08 October 2011

Life in Berkeley

What, after all, did we do in Berkeley?  We lived there for nearly two years, after all.  I have talked about fish.  I was, of course, a full-time student at the University, and, as well, worked part-time in the language laboratory, and at computer programming.

I am ashamed to say that, again, my self-centredness comes to the fore when I say that I am only rather vaguely aware of Edna's life during those times.

She worked.  She worked hard, and, I think, in frustrating circumstances, because, rather than having a permanent job, she 'temped' - worked for agencies that supply a person here for two weeks, there for a month, somewhere else for two days - that sort of thing.

But ... she may well correct me to point out that she did get a permanent job - my ignorance of which tells you something about me.

And she was Kathleen's mother.  Kathleen was just about thirteen months old when we moved to Berkeley.  We put her into a day-baby-sitter - who almost killed her.

The woman was, I'm afraid, the sort whom your great-grandmother would have called 'slatternly.'  She was our age, I think.  She lived in a flat that was always messy.  I remember once she said she had tried to get the company that picked up the rubbish to agree to pick up her rubbish bin later in the morning - it was just intolerable that they came along making noise at ungodly hours like 7AM (or whatever it was) when people were asleep!

The accident that caused us to change baby-sitters was, I think, a consequence of her sleeping habits.  Edna dropped Kathleen off on her way to work - about 8AM, I suppose.  Well, the lady had to be up then, of course.  But I think she just went back to sleep, leaving Kathleen to play.  With whatever was lying around.  With, in this case, a US one-cent piece - a 'penny.'

13- or 14-month-old babies play with things principally by putting them into their mouths.

Thankfully, no surgery was required to dislodge the coin, and nor did she choke to death.  I assume it was lodged in her oesophagus rather than the trachea, or she would have died.  The doctor was able to remove it through her mouth.

We changed baby-sitters.  I think, but am uncertain, that the next arrangement was with a proper day-care centre rather than an individual baby-sitter.

I think it was in Berkeley that my first exposure to the world of illegal drugs happened.

To modern ears, my awareness of the world of illegal drugs must seem astonishingly naive - and so, indeed, it was.  The use of chemical means of altering consciousness is, I suppose, nearly as old as mankind - at least as old as Noah, as the Bible tells us (Genesis 9:20-21):
20And Noah began to be an husbandman, and he planted a vineyard: 21And he drank of the wine, and was drunken; and he was uncovered within his tent.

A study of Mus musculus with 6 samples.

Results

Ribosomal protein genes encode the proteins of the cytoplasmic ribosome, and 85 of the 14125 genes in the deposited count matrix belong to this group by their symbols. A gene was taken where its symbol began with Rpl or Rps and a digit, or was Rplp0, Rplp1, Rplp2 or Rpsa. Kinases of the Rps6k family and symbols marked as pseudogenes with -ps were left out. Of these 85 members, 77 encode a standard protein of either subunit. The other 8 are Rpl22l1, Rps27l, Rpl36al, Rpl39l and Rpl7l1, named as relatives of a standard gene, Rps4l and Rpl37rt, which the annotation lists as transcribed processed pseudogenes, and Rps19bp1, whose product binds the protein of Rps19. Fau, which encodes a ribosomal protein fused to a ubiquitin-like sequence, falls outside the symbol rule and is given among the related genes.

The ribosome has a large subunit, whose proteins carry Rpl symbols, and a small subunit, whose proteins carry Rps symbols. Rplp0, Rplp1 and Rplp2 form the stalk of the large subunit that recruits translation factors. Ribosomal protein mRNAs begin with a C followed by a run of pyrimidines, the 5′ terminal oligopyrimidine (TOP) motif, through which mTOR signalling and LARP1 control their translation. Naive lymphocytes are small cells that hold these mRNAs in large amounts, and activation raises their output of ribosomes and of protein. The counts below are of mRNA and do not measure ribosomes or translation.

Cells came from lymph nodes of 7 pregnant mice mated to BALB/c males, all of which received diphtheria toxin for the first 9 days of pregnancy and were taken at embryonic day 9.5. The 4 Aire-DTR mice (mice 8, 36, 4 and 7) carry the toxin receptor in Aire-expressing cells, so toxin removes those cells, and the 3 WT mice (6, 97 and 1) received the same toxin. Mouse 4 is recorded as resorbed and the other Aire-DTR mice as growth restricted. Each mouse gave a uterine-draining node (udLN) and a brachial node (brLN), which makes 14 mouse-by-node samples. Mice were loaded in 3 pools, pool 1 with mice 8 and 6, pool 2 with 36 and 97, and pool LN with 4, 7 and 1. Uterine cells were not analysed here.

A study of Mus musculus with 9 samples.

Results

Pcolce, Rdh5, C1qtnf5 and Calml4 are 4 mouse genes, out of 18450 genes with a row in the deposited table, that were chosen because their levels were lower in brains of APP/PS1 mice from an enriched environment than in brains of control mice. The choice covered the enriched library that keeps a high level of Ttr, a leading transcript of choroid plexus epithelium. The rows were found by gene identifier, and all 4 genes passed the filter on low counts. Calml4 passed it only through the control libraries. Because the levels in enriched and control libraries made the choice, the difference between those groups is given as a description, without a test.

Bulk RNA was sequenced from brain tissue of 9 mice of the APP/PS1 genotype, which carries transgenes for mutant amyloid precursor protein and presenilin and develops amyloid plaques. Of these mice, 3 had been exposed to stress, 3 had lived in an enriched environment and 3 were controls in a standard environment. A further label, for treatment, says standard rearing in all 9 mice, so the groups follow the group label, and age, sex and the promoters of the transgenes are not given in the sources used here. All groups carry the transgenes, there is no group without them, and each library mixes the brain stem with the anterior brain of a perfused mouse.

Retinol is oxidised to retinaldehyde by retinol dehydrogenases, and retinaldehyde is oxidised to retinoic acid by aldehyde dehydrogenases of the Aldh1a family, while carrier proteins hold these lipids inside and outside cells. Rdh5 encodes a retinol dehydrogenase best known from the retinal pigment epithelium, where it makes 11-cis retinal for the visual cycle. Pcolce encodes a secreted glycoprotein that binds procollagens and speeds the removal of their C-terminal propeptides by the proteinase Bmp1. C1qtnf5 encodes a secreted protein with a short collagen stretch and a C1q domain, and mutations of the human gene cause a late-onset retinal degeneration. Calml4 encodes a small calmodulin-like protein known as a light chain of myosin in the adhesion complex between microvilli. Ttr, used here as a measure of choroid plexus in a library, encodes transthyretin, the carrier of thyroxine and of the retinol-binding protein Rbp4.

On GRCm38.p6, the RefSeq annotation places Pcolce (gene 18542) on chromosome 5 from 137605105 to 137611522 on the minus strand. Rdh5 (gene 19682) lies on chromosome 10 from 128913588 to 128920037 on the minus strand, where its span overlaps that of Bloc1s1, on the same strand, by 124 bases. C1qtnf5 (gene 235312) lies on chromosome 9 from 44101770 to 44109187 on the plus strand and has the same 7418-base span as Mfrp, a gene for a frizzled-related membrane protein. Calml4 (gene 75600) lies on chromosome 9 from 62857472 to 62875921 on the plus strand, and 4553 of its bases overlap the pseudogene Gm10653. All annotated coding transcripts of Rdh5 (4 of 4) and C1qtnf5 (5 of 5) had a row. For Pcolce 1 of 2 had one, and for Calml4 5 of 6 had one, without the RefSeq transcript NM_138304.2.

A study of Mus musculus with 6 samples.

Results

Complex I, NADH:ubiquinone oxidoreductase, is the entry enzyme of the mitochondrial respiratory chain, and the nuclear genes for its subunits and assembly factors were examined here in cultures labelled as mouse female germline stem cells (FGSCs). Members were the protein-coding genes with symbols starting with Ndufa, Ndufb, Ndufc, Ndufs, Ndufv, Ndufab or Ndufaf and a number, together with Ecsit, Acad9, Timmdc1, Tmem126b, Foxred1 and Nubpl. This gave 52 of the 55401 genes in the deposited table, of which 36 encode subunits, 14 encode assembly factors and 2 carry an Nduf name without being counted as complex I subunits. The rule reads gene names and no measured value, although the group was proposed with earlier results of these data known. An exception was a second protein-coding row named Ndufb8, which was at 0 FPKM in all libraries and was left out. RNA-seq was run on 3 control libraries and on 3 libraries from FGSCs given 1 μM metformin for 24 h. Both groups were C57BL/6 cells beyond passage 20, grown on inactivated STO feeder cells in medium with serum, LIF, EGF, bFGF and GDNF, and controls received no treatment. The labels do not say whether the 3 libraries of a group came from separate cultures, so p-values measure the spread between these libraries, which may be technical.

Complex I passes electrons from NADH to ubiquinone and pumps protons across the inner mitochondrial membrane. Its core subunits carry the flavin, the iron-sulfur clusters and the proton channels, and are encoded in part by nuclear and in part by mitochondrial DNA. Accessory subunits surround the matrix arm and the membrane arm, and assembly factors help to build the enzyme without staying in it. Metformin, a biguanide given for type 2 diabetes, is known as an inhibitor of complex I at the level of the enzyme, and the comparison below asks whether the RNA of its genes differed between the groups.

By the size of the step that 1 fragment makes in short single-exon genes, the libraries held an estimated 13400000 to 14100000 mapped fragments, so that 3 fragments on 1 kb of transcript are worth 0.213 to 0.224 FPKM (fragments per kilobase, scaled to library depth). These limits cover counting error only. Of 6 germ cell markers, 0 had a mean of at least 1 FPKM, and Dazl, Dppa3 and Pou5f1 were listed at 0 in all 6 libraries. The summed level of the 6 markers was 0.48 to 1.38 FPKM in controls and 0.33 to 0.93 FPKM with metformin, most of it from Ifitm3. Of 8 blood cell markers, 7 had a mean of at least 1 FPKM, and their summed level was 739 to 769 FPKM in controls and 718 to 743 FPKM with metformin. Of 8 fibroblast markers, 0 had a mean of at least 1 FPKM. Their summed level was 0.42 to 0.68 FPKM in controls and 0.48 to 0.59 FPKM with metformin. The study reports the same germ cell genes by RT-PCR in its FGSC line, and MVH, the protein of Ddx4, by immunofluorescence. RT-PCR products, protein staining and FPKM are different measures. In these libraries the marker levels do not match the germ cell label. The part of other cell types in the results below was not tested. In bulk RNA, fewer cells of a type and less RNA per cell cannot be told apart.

At various times, governments have attempted to regulate the use of such substances.  My own awareness of such matters stemmed almost exclusively from a film shown to us (twice, I think, in successive years) in high school, about the dangers of addictive drugs.  The film was not the famous 1936 "Reefer Madness" - though the date of that film shows how far back the problem goes, and how far back the fear on part of governments that 'ordinary' people might be involved.  The film I saw showed men starting with soft stuff - marijuana, I suppose, though I think that I didn't even understand that at the time - and then going on to hard stuff - heroin - followed by withdrawal symptoms.  The film was intended to frighten us.  It frightened me.

So that when my Best Man Harry Frank offered to get me to smoke 'pot' - encouraged me, I think, though I may be wrong - I had two fears:

  1. Fear of not being well thought of by him (be refusing);
  2. Fear of the drug.
The second fear was by far the stronger.  I remember getting together, then, with him - was Edna there?  I do not remember - taking one or two puffs on the joint offered to me, assuring him, nervously, that I was now 'stoned' - and finding an excuse fairly quickly to leave.

It was not until late 1968, under very different circumstance, and in very different frame of mind, that I smoked marijuana again.  That time I did not limit myself to one or two puffs.

May or June, 1966 came around.  I had passed my final exams - with very good marks, all through (better marks than I had been beginning to receive for my astronomy studies).  I had been accepted to enroll as a Master's student to study linguistics at the University of Hawai'i in Honolulu.  In my application I expressed an interest in "Micronesian languages" - I had Marshallese in mind.  Don Topping, writing to accept me as a grad student, had asked whether I would be interested in a summer job, from June through August, at $800/month - a much higher salary than I had ever earned before - to prepare language teaching materials for "a Micronesian language" to be used in instructing Peace Corps Volunteers.

"Would I??!!"  An income, a high salary, work in exactly the area I wanted to occupy myself with - I responded with alacrity, unregrettingly dropped any idea of attending my graduation ceremony, hastily dumped on Edna the responsibility of disposing of our furniture and car and of shipping our belongings - including those tropical fish - to Honolulu - and flew forthwith to Honolulu.